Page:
Excerpted From: Pete Heidepriem, Indigenous Rights, Investor-State Disputes, and Canadian Law, 68 South Dakota Law Review 51 (2023) (161 Footnotes) (Full Document)


PeteHeidepriemCanada has done a tire-squealing 180 with respect to the United Nations Declaration on the Rights of Indigenous Peoples (the “Declaration”). In September 2007, when 143 countries voted in favor of adopting the Declaration, Canada was 1 of the 4 countries in the United Nations (“UN”) General Assembly to vote against it. But as of June 2021, Canada's evolution on the Declaration resulted in it passing a law (“C-15” or the “Act”) embracing the Declaration and requiring the government to begin implementing it in the following two years.

Canada's about-face could impact how Indigenous rights fare in certain investor-state arbitrations, and the country's implementation of the Declaration may serve as a model for states across the globe. Investor-state arbitrations are venues where Indigenous peoples' rights have not been a priority of the arbitral tribunal. The investor-state arbitrations discussed here are proceedings grounded in international investment agreements (“IIAs” or “Agreements”) that involve claims between a foreign investor and a state. In resolving those claims, the tribunal often trains its analytical lens on a narrow set of applicable legal principles and de-emphasizes international human rights law and Indigenous peoples' rights. The foreign investor frequently prevails. An asymmetry in power favors investors and clearly does not favor Indigenous peoples.

As a practical example, this might mean that the investor will be able to conduct a mining operation on ancestral lands of Indigenous peoples even though the peoples oppose the project. If the host state aligns itself with the Indigenous peoples and blocks the mining, the tribunal will find that the state violated the Agreement and conclude that the state owes the investor a significant sum of money under the terms of the Agreement. The end result is that the tribunal sidelines the interests of the Indigenous peoples and imposes a financial penalty against the state for breaching the Agreement. In a way, this is a natural consequence of international investment law that is not unreasonable. But Indigenous peoples suffer serious negative impacts from some of these investments, and they have compelling objections to a process that minimizes their voice.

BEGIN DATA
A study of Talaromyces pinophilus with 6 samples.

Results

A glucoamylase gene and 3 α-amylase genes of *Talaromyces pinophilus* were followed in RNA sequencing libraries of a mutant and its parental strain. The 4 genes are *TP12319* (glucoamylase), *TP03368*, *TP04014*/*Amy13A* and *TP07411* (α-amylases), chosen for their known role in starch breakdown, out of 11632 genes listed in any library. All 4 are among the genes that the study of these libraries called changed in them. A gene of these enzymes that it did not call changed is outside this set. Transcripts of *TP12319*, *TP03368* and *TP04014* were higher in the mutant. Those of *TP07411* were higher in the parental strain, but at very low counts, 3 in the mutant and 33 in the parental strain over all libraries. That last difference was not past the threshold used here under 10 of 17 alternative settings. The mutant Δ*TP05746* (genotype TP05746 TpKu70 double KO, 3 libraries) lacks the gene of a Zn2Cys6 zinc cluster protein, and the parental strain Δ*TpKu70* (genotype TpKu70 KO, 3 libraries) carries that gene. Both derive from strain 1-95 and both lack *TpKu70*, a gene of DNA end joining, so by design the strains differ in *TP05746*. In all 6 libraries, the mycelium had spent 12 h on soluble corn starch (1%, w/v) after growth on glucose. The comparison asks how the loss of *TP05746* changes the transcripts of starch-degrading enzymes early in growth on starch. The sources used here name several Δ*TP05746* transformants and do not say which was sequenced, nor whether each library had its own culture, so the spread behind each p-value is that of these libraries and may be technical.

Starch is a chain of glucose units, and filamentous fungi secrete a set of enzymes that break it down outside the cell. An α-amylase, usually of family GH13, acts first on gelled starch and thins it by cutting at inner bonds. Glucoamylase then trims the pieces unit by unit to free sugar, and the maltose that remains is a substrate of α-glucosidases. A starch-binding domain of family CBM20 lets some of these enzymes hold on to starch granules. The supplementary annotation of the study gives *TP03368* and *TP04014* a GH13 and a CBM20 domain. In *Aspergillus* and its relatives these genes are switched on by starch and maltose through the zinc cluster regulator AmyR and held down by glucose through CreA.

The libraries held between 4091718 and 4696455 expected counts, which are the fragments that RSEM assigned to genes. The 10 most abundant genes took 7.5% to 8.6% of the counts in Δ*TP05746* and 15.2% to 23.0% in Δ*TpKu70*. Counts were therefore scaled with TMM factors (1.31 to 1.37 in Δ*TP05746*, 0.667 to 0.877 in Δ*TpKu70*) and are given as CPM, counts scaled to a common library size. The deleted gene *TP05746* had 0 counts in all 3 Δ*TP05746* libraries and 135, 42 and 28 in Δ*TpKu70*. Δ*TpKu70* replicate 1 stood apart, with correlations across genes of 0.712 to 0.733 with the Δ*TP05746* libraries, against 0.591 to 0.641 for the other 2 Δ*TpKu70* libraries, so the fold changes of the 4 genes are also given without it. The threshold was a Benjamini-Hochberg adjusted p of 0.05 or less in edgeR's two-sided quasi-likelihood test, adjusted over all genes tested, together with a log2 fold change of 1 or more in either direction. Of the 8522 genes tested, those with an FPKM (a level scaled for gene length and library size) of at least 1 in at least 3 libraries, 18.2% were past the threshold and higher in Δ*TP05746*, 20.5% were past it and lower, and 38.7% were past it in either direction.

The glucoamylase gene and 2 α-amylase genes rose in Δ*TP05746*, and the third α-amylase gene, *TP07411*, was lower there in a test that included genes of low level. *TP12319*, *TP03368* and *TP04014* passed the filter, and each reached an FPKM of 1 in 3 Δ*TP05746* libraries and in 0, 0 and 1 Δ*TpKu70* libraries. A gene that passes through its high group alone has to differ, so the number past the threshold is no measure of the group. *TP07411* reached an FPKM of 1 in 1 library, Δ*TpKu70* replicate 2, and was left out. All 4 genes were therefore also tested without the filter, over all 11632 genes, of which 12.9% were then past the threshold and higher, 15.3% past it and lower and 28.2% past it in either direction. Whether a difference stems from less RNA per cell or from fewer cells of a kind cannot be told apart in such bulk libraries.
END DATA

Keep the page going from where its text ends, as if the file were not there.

A recent tailwind in Canadian law for the rights of Indigenous peoples presents an opportunity to promote and protect Indigenous rights in investor-state arbitrations. The developments in the law of Canada could do so in two contexts: foreign investments in Canada and investments of Canadian companies abroad.

But this positive step for Indigenous rights must be stated as something that is possible, not promised. Canada's passage of C-15 shows an earnest interest in eventually implementing the Declaration. It provides that the minister designated under the Act has two years to consult with Indigenous peoples and other federal ministers before producing an action plan “to achieve the objectives of the Declaration.” So the following proposals show how the action plan can include practical measures to promote Indigenous rights in investor-state disputes. First, for foreign investments carried out in Canada under IIAs, Canada should require foreign investors to abide by certain substantive aspects of the Declaration. And second, for Canadian companies doing business pursuant to IIAs in other states, in the event of an investor-state arbitration, Canada should be obligated to file an amicus brief evaluating the Canadian company's compliance with the Declaration, and if the company violated the Declaration, Canada should penalize the company.

While this article offers these proposals with respect to Canada, they could be a blueprint for any state implementing the Declaration. They also differ from the solutions described in recent articles, mostly in their specificity and concreteness. The current array of solutions is based on strong reasoning and is consonant with this article's arguments, yet the solutions advanced in various articles tend to be more abstract with respect to how they may operate. This article builds on the bedrock of those articles, seeking to apply their sound principles to the discrete scenario of Canada and C-15.

To set the proper foundation, this article provides a brief background on the Declaration in part two. Part three features a discussion of Canada's journey from opposing the Declaration to passing C-15. Then part four addresses investor-state arbitrations generally and the challenges Indigenous peoples face when seeking to advance their interests in those tribunals. Finally, part five articulates specific policies Canada should adopt to implement the Declaration for the benefit of Indigenous rights in investor-state arbitrations, and this part distinguishes these proposed policies from the solutions offered in other articles.


The author is a trial lawyer in South Dakota and Adjunct Professor of Law at the University of South Dakota Knudson School of Law. J.D., Georgetown University Law Center. B.A., Arizona State University.